Francis Kéré's stunning new pavilion opens in London
Berlin-based architect Diébédo Francis Kéré has unveiled his Serpentine Pavilion in London's Kensington Gardens. He is the first African to be commissioned for the project created annually by renowned architects.
Diébédo Francis Kéré's striking Serpentine Pavilion, unveiled Tuesday, was inspired by the tree that serves as a central meeting point for life in his hometown of Gando in Burkino Faso. In this way, his latticed, indigo blue pavilion seeks to connect its visitors to nature - and each other.
"My experience of growing up in a remote desert village has instilled a strong awareness of the social, sustainable, and cultural implications of design," he said in a statement. "I believe that architecture has the power to surprise, unite, and inspire all while mediating important aspects such as community, ecology and economy."
The pavilion's design is a strong statement on architecture's ability to foster sustainability.
"The roof becomes a funnel channelling water into the heart of the structure," Kere noted. "This rain collection acts symbolically, highlighting water as a fundamental resource for human survival and prosperity."
Kéré, who leads the Berlin-based firm Kéré Architecture, is the 17th architect to accept the Serpentine Galleries' invitation to design a temporary Pavilion in its grounds.
His predecessors include Zaha Hadid, Jean Nouvel, Frank Gehry and the Chinese artist Ai Weiwei.
The pavilion can be viewed from June 23 to October 8, 2017 in London.
Exercise in keeping cool
With his first work, the elementary school in his home village of Gando, Kéré won the renowned Aga Khan Award for Architecture in 2004. The pressed blocks of earth he used in the structure absorb heat and lower the temperature inside. The large roof made of steel and concrete provides shade and allows air to circulate between the roof and the ceiling.
The Lycée Schorge, a secondary school in Burkina Faso, follows Kéré's principals of ecological building, according to which he implements local materials and techniques. Kéré also insists on hiring local workers who employ simple tools. That way he ensures that his buildings are rooted in the local culture. Some 350 pupils now attend the Lycée Schorge.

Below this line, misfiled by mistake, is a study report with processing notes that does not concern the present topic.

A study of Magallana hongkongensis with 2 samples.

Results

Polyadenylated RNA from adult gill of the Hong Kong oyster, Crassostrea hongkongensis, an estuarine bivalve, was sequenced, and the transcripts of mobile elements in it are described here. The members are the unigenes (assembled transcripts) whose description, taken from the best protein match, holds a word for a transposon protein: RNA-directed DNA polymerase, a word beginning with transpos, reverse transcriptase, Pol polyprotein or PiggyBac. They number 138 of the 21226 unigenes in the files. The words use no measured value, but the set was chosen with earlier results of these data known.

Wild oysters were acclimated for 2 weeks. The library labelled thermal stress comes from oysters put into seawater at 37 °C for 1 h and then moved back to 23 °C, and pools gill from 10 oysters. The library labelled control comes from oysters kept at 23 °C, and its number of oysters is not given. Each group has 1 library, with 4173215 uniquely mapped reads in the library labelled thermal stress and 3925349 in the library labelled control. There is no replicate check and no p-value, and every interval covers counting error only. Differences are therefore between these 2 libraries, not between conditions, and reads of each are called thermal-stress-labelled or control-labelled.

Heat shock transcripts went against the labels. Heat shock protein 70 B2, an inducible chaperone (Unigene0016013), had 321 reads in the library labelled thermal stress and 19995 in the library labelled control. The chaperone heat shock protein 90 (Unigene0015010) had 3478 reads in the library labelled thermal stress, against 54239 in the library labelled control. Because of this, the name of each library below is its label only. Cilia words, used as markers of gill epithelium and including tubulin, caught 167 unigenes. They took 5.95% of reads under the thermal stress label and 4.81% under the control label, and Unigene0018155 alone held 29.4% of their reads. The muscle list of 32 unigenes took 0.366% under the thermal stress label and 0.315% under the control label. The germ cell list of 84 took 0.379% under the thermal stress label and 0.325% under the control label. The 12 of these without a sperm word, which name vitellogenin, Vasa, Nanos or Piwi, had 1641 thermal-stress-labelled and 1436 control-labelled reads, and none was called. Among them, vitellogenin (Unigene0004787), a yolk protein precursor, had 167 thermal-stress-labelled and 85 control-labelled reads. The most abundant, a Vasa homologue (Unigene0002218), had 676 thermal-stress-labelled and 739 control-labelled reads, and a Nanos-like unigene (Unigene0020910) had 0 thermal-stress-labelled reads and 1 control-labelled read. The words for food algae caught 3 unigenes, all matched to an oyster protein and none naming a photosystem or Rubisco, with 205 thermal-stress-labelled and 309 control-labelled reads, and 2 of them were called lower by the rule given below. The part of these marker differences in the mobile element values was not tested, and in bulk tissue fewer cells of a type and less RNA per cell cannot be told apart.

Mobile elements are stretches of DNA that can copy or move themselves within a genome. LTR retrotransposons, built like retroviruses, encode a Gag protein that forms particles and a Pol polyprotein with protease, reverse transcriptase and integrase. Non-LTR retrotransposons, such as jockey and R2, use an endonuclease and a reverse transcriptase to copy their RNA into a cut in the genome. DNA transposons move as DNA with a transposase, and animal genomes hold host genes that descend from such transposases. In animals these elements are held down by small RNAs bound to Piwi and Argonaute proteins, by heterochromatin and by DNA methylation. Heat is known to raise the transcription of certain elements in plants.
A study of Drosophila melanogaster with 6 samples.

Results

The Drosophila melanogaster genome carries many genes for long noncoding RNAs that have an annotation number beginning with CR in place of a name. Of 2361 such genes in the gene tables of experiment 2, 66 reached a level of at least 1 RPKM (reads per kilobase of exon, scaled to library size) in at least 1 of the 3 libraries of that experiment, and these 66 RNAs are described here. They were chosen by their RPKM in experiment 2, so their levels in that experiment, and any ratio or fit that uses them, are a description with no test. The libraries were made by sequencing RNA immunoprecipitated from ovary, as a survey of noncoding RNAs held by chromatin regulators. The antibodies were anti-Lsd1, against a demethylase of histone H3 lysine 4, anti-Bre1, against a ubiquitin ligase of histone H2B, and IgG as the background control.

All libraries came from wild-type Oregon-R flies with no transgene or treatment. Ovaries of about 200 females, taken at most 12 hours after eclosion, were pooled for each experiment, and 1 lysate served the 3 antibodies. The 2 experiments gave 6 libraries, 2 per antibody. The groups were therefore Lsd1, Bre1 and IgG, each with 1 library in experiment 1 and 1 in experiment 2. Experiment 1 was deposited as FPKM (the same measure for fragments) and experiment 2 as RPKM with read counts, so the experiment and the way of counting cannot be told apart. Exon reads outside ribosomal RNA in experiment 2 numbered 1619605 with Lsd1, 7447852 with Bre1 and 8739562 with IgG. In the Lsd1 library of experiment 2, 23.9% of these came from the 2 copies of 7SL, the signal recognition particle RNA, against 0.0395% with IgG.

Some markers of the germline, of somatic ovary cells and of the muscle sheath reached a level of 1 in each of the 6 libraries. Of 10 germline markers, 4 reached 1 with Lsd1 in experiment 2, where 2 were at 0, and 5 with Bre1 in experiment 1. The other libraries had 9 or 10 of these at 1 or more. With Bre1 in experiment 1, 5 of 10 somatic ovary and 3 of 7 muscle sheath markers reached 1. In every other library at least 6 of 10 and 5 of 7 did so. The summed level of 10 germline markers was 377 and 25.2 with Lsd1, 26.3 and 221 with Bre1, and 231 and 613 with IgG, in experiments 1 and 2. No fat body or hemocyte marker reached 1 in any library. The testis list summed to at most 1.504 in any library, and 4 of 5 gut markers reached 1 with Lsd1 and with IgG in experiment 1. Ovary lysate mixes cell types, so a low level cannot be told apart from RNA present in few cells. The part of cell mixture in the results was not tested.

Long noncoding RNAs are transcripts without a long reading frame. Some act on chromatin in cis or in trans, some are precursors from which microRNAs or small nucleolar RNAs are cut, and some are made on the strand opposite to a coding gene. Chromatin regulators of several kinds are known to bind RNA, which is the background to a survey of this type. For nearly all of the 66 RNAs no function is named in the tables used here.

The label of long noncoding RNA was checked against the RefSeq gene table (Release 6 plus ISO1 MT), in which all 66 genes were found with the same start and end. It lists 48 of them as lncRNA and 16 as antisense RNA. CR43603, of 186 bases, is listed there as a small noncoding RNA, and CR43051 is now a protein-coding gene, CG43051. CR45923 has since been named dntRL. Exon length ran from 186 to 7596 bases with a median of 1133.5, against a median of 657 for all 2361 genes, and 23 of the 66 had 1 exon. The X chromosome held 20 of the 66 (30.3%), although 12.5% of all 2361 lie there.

Giving education a home
In Burkina Faso, one of the poorest countries in the world, education is expensive and illiteracy is widespread. That is one of the reasons why Kéré wanted to make a statement with his modern Lycée Schorge building.
Here is another view of the Lycée Schorge. The students spend their breaks in the sunny courtyard, which is tucked in the semi-circle formed by the curved side of the building. Here, the shade provided by the overhanging roof is also visible. The construction combines German engineering with African handicraft. Kéré studied architecture in Berlin.
Just recently, Francis Kéré's school in Gando was extended. The building's roof is specifically designed to keep the interior cool in the African heat. Today, the architect manages project the world over - from Burkina Faso to India. He is also increasingly in demand in Europe. In Berlin, he has been commissioned to turn a disused airplane hangar into a mobile theater.
Kéré's unique approach
Francis Kéré seeks to combine the cultural influences of his home country, Burkina Faso, with his academic experience at the Technical University in Berlin. The current exhibition at Munich's Neue Pinakothek museum, "Radically Simple," pays tribute to the 52-year-old's extraordinary talent among today's architects.
Beyond song at the opera village
The interdisciplinary opera village project in Burkina Faso was the vision of performance artist and director Christoph Schlingensief before he died of cancer in 2010. Kéré built the intercultural center near the capital city of Ouagadougou. Pictured is the health clinic at the facility.
A temple of architecture
The architecture museum of the Technical University in Munich is housed in the Pinakothek der Moderne. The differences between this building and Kéré's designs couldn't be more drastic. He is a master of simplicity. "Radically Simple," an exhibition of his work, runs from November 17 2016 through February 26, 2017.